Retired Timber Elephants

Myanmar is home to one of the last remaining old-growth teak forests, largely due to the use of elephants to access difficult terrain and selectively harvest the lumber. Despite this more sustainable method, deforestation occurred faster than expected and between 2014 and 2017 the government began to phase out annual revenue targets, cease subcontracting to private owners, and implement logging bans. These initiatives were intended to offset deforestation as well as ensure that any available labour went to the elephants owned by the Myanmar Timber Enterprise. (Source). 


Elephants in the timber industry have historically been granted progressive working conditions, though there may not be total adherence to the legislation among owners. Written concessions include a well-maintained health condition log, age-appropriate training and labour stages, maximum working hours, adequate rest periods and maternity leave, and a mandatory retirement age (Source). Since deforestation has become a major concern and the restrictions have been implemented, both private- and MTE-owned elephants are experiencing job loss. They have been trained for this labour since their youth and the absence of physical and cognitive stimulation is resulting in high levels of boredom, the development of stereotyped movements, and negative changes in physical health. There are approximately 5,000 elephants in captivity in Myanmar, and 2,700 of those in private ownership, finding work for that many animals is very difficult (Source).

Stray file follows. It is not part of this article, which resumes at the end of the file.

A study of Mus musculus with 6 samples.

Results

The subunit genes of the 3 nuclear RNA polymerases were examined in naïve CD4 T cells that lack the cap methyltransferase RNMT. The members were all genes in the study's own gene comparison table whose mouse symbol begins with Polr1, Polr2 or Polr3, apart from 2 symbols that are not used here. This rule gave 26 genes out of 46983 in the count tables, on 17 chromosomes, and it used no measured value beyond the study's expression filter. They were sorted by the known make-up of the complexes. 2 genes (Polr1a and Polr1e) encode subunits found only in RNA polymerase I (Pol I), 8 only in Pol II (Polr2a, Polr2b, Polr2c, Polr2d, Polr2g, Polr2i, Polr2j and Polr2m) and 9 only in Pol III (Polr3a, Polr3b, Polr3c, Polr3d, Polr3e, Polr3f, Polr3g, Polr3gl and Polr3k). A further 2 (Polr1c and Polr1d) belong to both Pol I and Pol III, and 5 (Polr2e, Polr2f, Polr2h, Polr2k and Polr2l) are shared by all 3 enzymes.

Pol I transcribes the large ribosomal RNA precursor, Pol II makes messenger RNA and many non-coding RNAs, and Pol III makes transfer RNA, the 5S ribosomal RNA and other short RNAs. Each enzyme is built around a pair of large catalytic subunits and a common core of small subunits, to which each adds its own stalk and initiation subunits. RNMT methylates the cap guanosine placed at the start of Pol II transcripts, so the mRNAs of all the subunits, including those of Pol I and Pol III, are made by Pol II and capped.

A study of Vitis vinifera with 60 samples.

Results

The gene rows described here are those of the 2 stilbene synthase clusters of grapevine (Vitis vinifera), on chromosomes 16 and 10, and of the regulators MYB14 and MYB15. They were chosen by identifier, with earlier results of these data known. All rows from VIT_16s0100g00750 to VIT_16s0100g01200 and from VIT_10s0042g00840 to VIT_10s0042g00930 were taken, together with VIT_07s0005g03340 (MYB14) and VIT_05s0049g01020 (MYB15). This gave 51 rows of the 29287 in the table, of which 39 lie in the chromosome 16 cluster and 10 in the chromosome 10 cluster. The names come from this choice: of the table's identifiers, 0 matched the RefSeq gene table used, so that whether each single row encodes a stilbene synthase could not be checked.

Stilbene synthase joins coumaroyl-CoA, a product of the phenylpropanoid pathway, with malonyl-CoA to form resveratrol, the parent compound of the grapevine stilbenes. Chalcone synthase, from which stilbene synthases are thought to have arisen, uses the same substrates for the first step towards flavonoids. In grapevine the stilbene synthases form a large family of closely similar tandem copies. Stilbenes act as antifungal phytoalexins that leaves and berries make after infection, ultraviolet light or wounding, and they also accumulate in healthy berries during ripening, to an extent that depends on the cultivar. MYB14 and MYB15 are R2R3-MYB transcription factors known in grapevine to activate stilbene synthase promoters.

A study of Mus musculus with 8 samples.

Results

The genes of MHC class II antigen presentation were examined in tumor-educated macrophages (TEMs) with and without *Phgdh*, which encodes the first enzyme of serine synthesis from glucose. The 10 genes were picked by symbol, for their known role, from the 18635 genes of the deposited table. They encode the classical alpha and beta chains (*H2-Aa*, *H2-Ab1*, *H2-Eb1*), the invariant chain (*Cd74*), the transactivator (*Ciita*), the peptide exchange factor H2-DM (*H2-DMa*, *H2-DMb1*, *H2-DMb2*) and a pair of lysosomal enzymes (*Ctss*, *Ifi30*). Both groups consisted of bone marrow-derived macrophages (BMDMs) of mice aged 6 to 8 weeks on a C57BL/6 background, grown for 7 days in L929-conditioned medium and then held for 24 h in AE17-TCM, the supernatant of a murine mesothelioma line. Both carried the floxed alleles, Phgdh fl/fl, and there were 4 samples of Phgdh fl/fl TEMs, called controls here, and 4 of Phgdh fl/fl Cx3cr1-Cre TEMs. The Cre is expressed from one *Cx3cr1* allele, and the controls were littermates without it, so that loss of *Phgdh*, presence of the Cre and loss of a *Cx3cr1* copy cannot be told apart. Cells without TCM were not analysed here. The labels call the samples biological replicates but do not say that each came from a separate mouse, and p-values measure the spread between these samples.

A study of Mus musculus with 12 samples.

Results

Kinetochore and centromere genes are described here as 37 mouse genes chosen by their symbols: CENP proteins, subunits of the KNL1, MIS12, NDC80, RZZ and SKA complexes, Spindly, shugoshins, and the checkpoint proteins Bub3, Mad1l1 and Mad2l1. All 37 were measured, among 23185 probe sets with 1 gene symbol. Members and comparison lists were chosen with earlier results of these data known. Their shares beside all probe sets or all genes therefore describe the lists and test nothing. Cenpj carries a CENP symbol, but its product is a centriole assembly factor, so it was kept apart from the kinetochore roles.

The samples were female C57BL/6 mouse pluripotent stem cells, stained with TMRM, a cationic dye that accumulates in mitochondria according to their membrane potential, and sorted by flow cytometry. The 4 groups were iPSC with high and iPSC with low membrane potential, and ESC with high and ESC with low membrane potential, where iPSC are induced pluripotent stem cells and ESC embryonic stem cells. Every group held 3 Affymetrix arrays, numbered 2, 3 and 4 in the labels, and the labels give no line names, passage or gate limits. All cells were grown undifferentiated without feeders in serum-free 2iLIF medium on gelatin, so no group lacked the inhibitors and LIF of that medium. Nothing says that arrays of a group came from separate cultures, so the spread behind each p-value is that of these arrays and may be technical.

Owners who have lost contracts with the lumber industry struggle to sustain their families, feed their elephants, and obtain the animals’ medical care, which can be quite costly when not provided through the MTE. Most owners have multiple elephants in their care, and multiple mahouts in their employ. Mahouts are elephant trainers that traditionally work with one individual and form incredibly strong bonds. An out of work elephant means that the mahout and his family will likely also experience a loss of income or even separation as a result of the owner selling or releasing the elephant.

Solutions are needed to replace the income generated by work in the logging industry. Many owners have been forced to illegally sell their elephants to the tourism industry in Thailand, while others have entered their elephants into processions or rented them to tourism camps within Myanmar. Perhaps more concerning is the chance that many elephants have become too expensive to sustain and have been released into the wild, causing trouble in settings where animals and humans are coming into conflict over food and territory, as well as difficulty assimilating into existing multi-generational matriarchal herds.


During my time assisting with enrichment and veterinary care at an elephant retirement camp in the Shan State of Myanmar, I learned about the philosophy that guides the decisions of the camp's founders. It is in their view that humans, elephants, and the natural environment must all three be cared for, sustained, and protected for any one of them to thrive. Through my research I hope to shed light on the ways that this philosophy and its practical applications can be upheld in the management of unemployed elephants in Myanmar.